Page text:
Friday, June 4, 2010

24 City

I admit it, I'm stumped. Jia Zhang-ke's 24 City (2008) is as perplexing a moviegoing experience as I can recall, but not in a fun, David Lynch sort of way. My immediate, knee-jerk reaction would be to say that it's a bad film by a major director--talky, boring, "uncinematic"--except that, so far as I can tell, it does exactly what it sets out to accomplish. Therefore, the problem must be with me, not the movie. Maybe all those commercial movies I saw in Montreal have ruined me for the sort of demanding festival fare that I thought I was craving back when I was complaining about how traditional and safe everything was, even so-called art movies like Greenberg (2010) and The Secret in Their Eyes (2009). Or perhaps being back in Nova Scotia has destroyed my ability to take pleasure in anything. On the other hand, a film that does what it sets out to isn't inherently interesting (take Chloe [2009], for instance), so the question becomes: Why has Jia--whose films Platform (2000), The World (2004), and Still Life (2006) are masterpieces--made this film in this way?

The subject of 24 City is a military factory that was built during the Korean war to manufacture airplanes for the war effort, but has since fallen on hard times (despite China's booming economy), and is to be torn down to make way for an upscale condominium complex. As in Still Life, about the construction of the Three Gorges Dam, the implication is that the workers who made the country's economic growth possible are being gentrified into obscurity by an emerging upper-class riding the wave of their alienated labor.

But where Still Life dramatizes this thesis, 24 City consists primarily of shots of seated interviewees telling sob stories to a stationary camera. For instance, we learn that one factory employee, nicknamed "Little Flower" due to her resemblance to Joan Chen, was a woman from Shanghai who had many male admirers, but--like Lily Bart in Edith Wharton's The House of Mirth (1905)--never married. Over the course of the film, the people being interviewed get progressively younger, arriving finally at the daughter of two factory workers whose job is to buy clothes for rich people who are too busy to shop for themselves.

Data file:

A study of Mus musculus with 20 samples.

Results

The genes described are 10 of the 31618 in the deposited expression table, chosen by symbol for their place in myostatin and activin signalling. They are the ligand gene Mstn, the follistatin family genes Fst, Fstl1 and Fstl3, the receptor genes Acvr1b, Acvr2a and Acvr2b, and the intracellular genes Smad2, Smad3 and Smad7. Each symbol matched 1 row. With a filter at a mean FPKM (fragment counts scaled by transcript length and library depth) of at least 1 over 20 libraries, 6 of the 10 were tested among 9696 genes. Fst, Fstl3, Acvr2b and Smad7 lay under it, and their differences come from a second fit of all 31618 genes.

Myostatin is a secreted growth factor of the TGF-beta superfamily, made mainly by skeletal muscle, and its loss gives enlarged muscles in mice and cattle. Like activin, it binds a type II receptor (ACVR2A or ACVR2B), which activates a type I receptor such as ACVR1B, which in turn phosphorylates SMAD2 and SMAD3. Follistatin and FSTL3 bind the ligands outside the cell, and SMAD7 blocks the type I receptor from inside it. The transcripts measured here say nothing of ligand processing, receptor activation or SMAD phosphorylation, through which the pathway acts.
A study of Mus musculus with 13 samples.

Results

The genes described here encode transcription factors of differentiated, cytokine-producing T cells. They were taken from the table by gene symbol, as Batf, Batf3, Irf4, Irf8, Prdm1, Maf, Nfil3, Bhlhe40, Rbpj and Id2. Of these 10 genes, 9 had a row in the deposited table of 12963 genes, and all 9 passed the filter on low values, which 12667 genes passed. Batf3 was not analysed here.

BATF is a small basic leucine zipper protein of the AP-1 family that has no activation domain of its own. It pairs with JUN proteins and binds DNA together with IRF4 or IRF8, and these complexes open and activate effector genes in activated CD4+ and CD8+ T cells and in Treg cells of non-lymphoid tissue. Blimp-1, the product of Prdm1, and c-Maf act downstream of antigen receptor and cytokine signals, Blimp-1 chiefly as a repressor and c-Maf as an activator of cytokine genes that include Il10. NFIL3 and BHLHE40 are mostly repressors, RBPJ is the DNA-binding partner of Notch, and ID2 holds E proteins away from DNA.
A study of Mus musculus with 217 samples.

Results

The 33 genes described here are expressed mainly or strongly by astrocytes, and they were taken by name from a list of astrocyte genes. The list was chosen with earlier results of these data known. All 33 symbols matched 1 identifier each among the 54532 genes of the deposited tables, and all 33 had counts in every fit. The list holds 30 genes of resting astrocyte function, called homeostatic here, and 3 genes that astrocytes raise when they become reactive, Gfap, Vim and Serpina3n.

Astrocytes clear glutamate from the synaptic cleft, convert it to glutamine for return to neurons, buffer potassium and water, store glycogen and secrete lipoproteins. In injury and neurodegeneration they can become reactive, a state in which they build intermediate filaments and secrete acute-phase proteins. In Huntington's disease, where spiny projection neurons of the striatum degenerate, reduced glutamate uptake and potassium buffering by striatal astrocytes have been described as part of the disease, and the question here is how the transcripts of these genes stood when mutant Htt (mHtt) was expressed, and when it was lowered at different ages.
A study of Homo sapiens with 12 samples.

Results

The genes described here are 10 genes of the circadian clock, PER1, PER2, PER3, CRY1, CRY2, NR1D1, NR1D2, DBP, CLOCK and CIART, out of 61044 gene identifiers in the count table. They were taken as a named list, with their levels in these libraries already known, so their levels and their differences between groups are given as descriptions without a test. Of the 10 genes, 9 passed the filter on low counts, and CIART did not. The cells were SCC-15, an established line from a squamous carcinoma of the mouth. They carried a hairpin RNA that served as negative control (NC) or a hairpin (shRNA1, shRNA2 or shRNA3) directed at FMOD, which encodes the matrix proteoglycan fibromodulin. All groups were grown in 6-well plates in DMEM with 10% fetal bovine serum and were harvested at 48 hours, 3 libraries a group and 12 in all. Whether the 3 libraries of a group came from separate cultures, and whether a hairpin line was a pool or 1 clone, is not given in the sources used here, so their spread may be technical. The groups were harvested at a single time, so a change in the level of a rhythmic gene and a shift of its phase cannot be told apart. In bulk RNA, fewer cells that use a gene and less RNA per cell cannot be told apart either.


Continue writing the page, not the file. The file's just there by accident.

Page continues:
I've enjoyed talky documentaries in the past, like Claude Lanzmann's Shoah (1985), which juxtaposed contemporary interviews with silent footage of the Nazi death camps in much the same way that Jia's film alternates between interviews and short, vérité-style scenes of the same people (one woman is introduced walking around holding up her I.V.), and shots of the factory being demolished. And of course, one of the most powerful scenes in all the cinema is Bibi Andersson's monologue about the orgy on the beach in Ingmar Bergman's Persona (1966), which Jean-Luc Godard effectively paid homage to a year later in Weekend (1967). I think the difference is that the interviewees in Lanzmann's film, and the actors in the films by Bergman and Godard, are describing specific incidents, and their words conjure up vivid images in the viewer's imagination. Rather than activating my imagination, Jia's film remains resolutely on the screen.

One wrinkle differentiating Jia's film from a traditional documentary like Shoah is that two of the people interviewed here are recognizable stars, and others may be actors as well. Little Flower is, in fact, played by Joan Chen, and the woman who shops for rich people is played by Zhao Tao, who appears in all of Jia's movies. However, whether or not the interviews are true, they're no more or less compelling either way.

In the film, Jia has made a deliberate choice to tell rather than show, and I understand this intellectually. But unlike Anat Zuria's Black Bus (2010), which invites us to imagine more than what's represented on screen, 24 City I felt simply talked at me. Not one of its interviews stimulated me in any way. But is that a problem with the film or with me? (It's been praised by a number of reviewers I admire, including Manhola Dargis, Jonathan Rosenbaum, and Michael Sicinski.) Watching it, I knew how Roger Ebert must've felt watching Abbas Kiarostami's Taste of Cherry (1997), and I sincerely hope I'm as wrong about 24 City as Ebert was about that film.